Smart Cities: The new mega-market for utilities. Why mid-sized cities promise big-time opportunities

Cities are more important than ever before

More than 55% of the world’s population currently live in cities (1980: 39%). In Europe, the figure is even higher – about 75% of the continent’s population are city dwellers. And cities are not only popular places to live. They are also economic powerhouses, logistics hubs, administrative centers, drivers of innovation, forerunners of trends and attractive destinations for talent.

Smart City strategies offer solutions to cities’ problems

Their popularity means cities face many challenges: traffic jams, pollution, high energy demand, a large volume of waste, pressure on green areas to create space for buildings and streets, etc. There is no miracle cure for all of these problems, but the growing reach of digitalization offers a powerful solution: the Smart City. This integrated approach combines and coordinates a broad range of digital solutions, from urban planning to mobility and environmental services.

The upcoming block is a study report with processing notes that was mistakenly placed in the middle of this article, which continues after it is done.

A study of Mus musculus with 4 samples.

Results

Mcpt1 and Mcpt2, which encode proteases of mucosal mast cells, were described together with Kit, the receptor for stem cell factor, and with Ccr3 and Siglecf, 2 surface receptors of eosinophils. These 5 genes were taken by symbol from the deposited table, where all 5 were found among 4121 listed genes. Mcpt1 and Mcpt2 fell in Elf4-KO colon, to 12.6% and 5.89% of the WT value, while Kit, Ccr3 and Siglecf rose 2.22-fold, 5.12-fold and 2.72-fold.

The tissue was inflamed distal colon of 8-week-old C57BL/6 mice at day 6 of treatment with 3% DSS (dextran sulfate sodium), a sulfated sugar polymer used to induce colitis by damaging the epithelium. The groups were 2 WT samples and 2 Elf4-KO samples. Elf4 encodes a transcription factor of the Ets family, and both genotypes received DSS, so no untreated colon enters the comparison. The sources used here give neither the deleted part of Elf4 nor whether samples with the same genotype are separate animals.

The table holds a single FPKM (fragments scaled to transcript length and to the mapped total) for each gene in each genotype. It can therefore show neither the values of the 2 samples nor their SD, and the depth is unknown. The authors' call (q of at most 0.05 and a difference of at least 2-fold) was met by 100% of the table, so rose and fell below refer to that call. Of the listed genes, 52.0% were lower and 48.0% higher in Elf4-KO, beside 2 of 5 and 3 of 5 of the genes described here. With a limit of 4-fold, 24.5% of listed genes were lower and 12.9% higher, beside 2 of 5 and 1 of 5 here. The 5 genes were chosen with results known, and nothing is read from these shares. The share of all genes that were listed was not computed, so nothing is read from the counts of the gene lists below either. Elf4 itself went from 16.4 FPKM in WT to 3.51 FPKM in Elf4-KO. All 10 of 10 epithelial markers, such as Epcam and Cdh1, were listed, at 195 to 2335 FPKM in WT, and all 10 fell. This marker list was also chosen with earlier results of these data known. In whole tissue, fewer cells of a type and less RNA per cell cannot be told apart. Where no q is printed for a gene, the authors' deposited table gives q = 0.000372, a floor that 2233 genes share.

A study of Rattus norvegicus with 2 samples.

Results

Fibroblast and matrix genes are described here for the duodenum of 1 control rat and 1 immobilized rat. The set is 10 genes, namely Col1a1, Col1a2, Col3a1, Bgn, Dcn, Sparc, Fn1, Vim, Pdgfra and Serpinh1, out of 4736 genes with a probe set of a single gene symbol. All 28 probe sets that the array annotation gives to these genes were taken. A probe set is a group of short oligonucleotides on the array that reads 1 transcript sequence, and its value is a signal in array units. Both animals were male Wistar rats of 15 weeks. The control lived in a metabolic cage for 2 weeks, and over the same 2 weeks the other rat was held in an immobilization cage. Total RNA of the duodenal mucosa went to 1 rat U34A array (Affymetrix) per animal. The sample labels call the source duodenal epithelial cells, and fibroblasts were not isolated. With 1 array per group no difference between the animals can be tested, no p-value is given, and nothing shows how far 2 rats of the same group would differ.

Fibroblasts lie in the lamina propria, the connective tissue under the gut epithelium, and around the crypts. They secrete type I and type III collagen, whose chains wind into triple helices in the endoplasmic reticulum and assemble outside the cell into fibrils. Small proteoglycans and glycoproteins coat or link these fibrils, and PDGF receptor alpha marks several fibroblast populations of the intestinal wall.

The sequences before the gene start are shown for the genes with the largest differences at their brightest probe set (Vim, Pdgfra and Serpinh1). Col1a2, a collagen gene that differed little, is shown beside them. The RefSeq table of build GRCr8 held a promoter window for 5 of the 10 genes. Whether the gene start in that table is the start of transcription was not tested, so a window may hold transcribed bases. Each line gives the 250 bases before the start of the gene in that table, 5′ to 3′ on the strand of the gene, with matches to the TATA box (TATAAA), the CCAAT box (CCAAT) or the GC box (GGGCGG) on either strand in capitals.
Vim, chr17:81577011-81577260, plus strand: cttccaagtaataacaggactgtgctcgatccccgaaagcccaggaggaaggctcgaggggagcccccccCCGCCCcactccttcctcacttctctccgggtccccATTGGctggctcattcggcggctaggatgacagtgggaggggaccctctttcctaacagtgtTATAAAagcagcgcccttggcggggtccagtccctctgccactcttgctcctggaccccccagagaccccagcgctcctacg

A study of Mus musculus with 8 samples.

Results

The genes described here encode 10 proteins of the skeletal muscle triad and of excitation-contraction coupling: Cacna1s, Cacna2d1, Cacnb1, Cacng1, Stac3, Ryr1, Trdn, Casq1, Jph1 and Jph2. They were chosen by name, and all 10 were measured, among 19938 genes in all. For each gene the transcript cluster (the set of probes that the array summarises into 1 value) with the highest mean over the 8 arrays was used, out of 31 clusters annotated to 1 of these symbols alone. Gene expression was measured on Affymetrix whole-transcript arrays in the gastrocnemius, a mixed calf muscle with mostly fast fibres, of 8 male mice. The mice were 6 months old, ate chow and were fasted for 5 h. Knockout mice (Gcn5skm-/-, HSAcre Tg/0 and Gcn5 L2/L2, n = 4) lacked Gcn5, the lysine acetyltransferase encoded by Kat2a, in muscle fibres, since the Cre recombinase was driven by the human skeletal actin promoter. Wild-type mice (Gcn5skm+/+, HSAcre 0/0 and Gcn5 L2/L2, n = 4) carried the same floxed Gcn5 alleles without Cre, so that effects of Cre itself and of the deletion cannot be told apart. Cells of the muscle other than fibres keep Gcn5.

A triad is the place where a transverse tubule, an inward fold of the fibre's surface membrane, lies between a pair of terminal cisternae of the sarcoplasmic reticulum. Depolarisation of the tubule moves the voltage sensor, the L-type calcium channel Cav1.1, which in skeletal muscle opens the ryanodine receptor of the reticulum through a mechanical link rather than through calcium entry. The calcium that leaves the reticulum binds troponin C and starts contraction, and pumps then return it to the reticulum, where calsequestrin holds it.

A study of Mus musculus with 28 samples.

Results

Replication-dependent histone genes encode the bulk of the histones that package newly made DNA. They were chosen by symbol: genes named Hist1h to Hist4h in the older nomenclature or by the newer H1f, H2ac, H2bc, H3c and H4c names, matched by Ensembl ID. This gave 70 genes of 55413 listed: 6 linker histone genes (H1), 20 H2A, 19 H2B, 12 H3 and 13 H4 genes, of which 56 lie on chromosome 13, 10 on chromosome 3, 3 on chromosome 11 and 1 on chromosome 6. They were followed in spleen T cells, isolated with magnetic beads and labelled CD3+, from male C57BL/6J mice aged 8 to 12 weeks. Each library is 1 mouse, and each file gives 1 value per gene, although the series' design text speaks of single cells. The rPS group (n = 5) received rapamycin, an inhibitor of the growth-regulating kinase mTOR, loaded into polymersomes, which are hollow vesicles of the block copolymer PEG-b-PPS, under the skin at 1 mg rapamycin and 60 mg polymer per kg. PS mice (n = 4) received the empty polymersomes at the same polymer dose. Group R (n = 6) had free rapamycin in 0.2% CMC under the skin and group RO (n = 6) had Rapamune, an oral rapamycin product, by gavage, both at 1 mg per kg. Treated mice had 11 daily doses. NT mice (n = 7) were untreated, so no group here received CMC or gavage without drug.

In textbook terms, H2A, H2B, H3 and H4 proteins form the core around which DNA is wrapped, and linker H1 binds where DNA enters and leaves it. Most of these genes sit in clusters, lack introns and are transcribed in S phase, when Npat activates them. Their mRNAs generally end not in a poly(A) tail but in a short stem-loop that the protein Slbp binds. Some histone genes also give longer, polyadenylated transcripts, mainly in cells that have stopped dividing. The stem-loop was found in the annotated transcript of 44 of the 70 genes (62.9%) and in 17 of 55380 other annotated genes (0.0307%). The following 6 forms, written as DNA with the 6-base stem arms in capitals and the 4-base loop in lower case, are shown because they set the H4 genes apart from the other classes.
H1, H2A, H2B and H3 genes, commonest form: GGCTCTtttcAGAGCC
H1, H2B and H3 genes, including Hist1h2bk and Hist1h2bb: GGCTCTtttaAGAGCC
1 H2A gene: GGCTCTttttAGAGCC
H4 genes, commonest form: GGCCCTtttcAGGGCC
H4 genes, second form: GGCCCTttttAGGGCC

Mid-sized cities are ripe for Smart City solutions

Numerous studies exist on the Smart City approaches of big cities. But those of smaller cities have been largely neglected. Yet turning the focus on these cities is particularly interesting. In the EU, mid-sized cities, defined as urban areas with 100,000 to 500,000 inhabitants, are home to one third of the EU population living in any city with more than 50,000 residents. Mid-sized cities often lack the strategy, planning and financial resources that are available to large cities and critical to develop and implement Smart City solutions. In addition, mid-sized cities face the challenge of dealing with a large number of different infrastructures, stemming from their interconnection with their rural surroundings or neighboring cities.

Utilities are “natural” partners to support mid-sized cities with Smart City strategies

Utilities have all the know-how and capabilities to plan and implement an integrated approach, comprising smart energy supply, smart mobility, smart communication and smart buildings. In addition, they can provide financial resources, have experience of coordinating different stakeholders and can ensure that Smart City projects will be profitable.

This study sheds light on Smart City strategies of mid-sized cities in the EU. It looks at how utilities can support these cities in their Smart City strategy, thereby opening up a new mega-market for such organizations.